Galatians 6:1-10

1 Brothers and sisters, if someone is overtaken in any wrongdoing, you who are spiritual, restore such a person with a gentle spirit, watching out for yourselves so that you also won’t be tempted. 2 Carry one another’s burdens; in this way you will fulfill the law of Christ. 3 For if anyone considers himself to be something when he is nothing, he deceives himself. 4 Let each person examine his own work, and then he can take pride in himself alone, and not compare himself with someone else. 5 For each person will have to carry his own load. 6 Let the one who is taught the word share all his good things with the teacher. 7 Don’t be deceived: God is not mocked. For whatever a person sows he will also reap, 8 because the one who sows to his flesh will reap destruction from the flesh, but the one who sows to the Spirit will reap eternal life from the Spirit. 9 Let us not get tired of doing good, for we will reap at the proper time if we don’t give up. 10 Therefore, as we have opportunity, let us work for the good of all, especially for those who belong to the household of faith. — Galatians 6:1-10


by Brad Smith
Brentwood Campus

Growing up in West Tennessee, you don’t really have much choice but to love the outdoors. One of my best friends growing up introduced me to the world of duck hunting, and I have loved it ever since. I remember one of our great adventures as we explored a new area. We were all decked out in our waders, walking along in water that was about waist high. I was simply walking behind him, when out of nowhere I stepped in a beaver run. My friend had stepped over it, but I had no such luck. I fell in, and that water went clear over my head. I didn’t know what happened. I was flailing, trying to catch my footing, when my friend reached down, grabbed my arm and pulled me out.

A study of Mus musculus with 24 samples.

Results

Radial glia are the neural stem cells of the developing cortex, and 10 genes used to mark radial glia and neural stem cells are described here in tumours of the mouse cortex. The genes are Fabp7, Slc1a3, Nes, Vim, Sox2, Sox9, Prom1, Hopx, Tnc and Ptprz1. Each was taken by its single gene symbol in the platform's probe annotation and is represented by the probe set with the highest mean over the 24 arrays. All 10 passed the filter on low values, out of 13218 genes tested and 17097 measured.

As I read this passage, this story came to mind, because we all know people who have taken a misstep. If we are honest with ourselves, we too have taken a misstep. I am not talking about a misstep into a beaver run, but a step in life that took us down a path that was against God’s will. We may not even see it coming—or we may know exactly what is coming.

In this passage, we see that we are called to watch out for our brothers and sisters. We are called to love them and to help restore them to the life God has for them. We are not called to judge them or to consider ourselves better than them. We are also reminded to watch out for ourselves so we do not fall into sin.

When I fell in that beaver run, I did not know what to do. My friend was there and pulled me up. From that point on we walked gently and took each step carefully. Be on the lookout for those around you with whom you can link arms to help them out of the “beaver run” they are in. If you have made a misstep, look for those around you to whom you can reach out and who can help pull you out of your “beaver run.” 


  1. Who around you can you lean on?
  2. Who around you needs to be encouraged, loved on, and gently restored?